On Earth Day the Piglets check in question was, “Earth Day: What do you think of? What does it mean to you?”. Most of us answered about how hopeless we felt at the lack of progress since the day's creation in the '70s.
A Global Climate Convergence for “people, planet and peace over profit!” called for a global “wave of action” from Earth Day to May Day. Olympia had a jam packed schedule of workshops, food not bombs, guerrilla gardening, film screenings, critical mass, and street theater. On Thursday the 24th I coordinated buses to get to Olympia. I met up there with my friend Will who I know from organizing with Free Mind Media and Food not Bombs in Santa Rosa CA.
There happened to be not much going on with Earth Day to May Day during the day time on Thursday but that evening there was a workshop by Bill Moyer of the Backbone Campaign about Grand Strategies. We went to that and hung around afterward for a few hours discussing all the rad things that are and could be going on in Olympia.
The next day was Critical Mass. Critical Mass is a direct action against car culture where people on generally the third Friday of every month in cities internationally take to the streets and (depending on numbers) take over the streets and block traffic, making statements about biking, bike lanes, etc. But it also has a very festive atmosphere sometimes as more of a celebration and excuse to bike around with friends. I do not ride bikes so walked while others biked and met them at the end.
... the holiday of pagans and the holiday of laborers was first celebrated as International Workers Day in 1886 right before the Haymarket Massacre in Chicago. On May Day I got the bus into Seattle to partake in protests for immigration reform, $15/hr minimum (livable) wage, and anti-capitalist/FTP (F**k The Police)/excuse for wingnutty anarchists to take to the streets march(es) and rallies.
On Saturday May 3rd Songaia celebrated the spiritual aspect of May Day with their Festival of the Earth which is a synthesis of Earth Day and May Day, and offers a culture and tradition building approach to the struggle for the earth. The day started at 1pm with a demonstration of the micro ecosystem of soil. Then singing and welcome.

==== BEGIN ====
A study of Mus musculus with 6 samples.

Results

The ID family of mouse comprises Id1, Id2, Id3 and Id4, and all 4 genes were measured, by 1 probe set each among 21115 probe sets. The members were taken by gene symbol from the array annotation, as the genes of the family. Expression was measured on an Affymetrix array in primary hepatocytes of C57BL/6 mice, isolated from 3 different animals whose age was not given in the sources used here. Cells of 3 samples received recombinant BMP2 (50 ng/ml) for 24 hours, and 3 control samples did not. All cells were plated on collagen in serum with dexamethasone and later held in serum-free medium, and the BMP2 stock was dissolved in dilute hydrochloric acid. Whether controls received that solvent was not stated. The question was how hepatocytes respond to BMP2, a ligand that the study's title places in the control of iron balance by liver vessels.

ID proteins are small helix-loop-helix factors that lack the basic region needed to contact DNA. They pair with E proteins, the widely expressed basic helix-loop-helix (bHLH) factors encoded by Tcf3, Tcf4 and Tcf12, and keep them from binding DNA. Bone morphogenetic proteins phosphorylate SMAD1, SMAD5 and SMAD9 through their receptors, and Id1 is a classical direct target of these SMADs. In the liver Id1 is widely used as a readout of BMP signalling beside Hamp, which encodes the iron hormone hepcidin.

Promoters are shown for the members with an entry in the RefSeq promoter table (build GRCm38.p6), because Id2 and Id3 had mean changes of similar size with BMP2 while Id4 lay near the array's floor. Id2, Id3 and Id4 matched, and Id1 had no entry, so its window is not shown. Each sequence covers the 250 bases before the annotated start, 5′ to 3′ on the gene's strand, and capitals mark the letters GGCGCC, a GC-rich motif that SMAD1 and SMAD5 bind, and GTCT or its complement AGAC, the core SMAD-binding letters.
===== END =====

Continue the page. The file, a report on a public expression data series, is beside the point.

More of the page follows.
I heard from a friend from Occupy Wall Street who has been living in Seattle for the past few years that the protests start with an immigration march at Judkins Park at 3.
I did not get to Judkins until well past 3 and considered trying to catch up by guessing their route by following the choppers, but it was hot and I am not familiar with the layout of streets in Seattle so decided to get the bus back downtown where I had seen police forces from as far away as Tukwila and some on horseback amassing at Westlake Park.
So I bused back just in time for the rally of different socialist and union groups spouting rhetoric that called for an end to deportations, $15 minimum wage, and to force the system to give us these concessions by striking, stopping the industries they depend upon (but while they are calling for radical successful action why do they not call also for radical systemic change rather than reformist demands that keeps the same power structure just makes it a little less harsh?).
With these critiques in mind I headed up to Capitol Hill to meet up with an anti-capitalist march. While marching towards downtown I ran into a friend who I knew from Ohio and her girlfriend who I also knew but from Boulder CO. We marched to downtown wandered around downtown a bit then back up to Capitol Hill to connect with another anti-capitalist march then walk back to down town and continue meandering around down town. As usual (it seems) the march was a few hundred anarchists “escorted” by cops all around... with more cops than protesters...
Then we started to build the bamboo dome (in the barn because it was raining). We started by making 5 bundles of bamboo poles each bundle 30 feet long and tying them about every 18 inches. While the bundles were being bundled the drummers started drumming in the dinning room with the doors open. The rain was not coming down hard so we continued, and moved the 30 foot bundles to the area that had been recently mowed in anticipation of the dome.
We formed an equilateral triangle in the middle of three poles, that had side lengths of 6 feet then lashed the bundles together and raised it. Then stakes and hammers were gathered and two stakes at each end of a bundle that is at the ground. (By now it was raining quite hard so we finished lashing the bundles to the stakes then went in.)
May ribbons were being set up for may dances, in an improvised revised indoor version of the maypole dance. We grouped around the ribbons hanging from the ceiling and paired off. Then Brian gave simple instructions for a weaving pattern.
The band played and we danced, and the ribbons wove (fairly) beautifully (although they were rather plain “ribbons” so it was not as beautiful as it could have been). We continued to dance at first just in a big circle within the dinning room. Towards the end of the dancing time one of the band members called out a few line dances.
After dancing we ate a delicious potluck feast. Then cleared the room for watching inspiring documentaries of peoples work to restore the earth.
These 10 days offer a ray of hope that serves as an example of successful resistance (to this dominant destructive culture). They offer a ray of hope because of the holisticness of the actions taken within them; from direct action in Olympia (critical mass as well as the workshop on strategy with Backbone Campaign), to building culture and earth based traditions at Songaia, also networking and brainstorming about how to create self reliant communities in Olympia.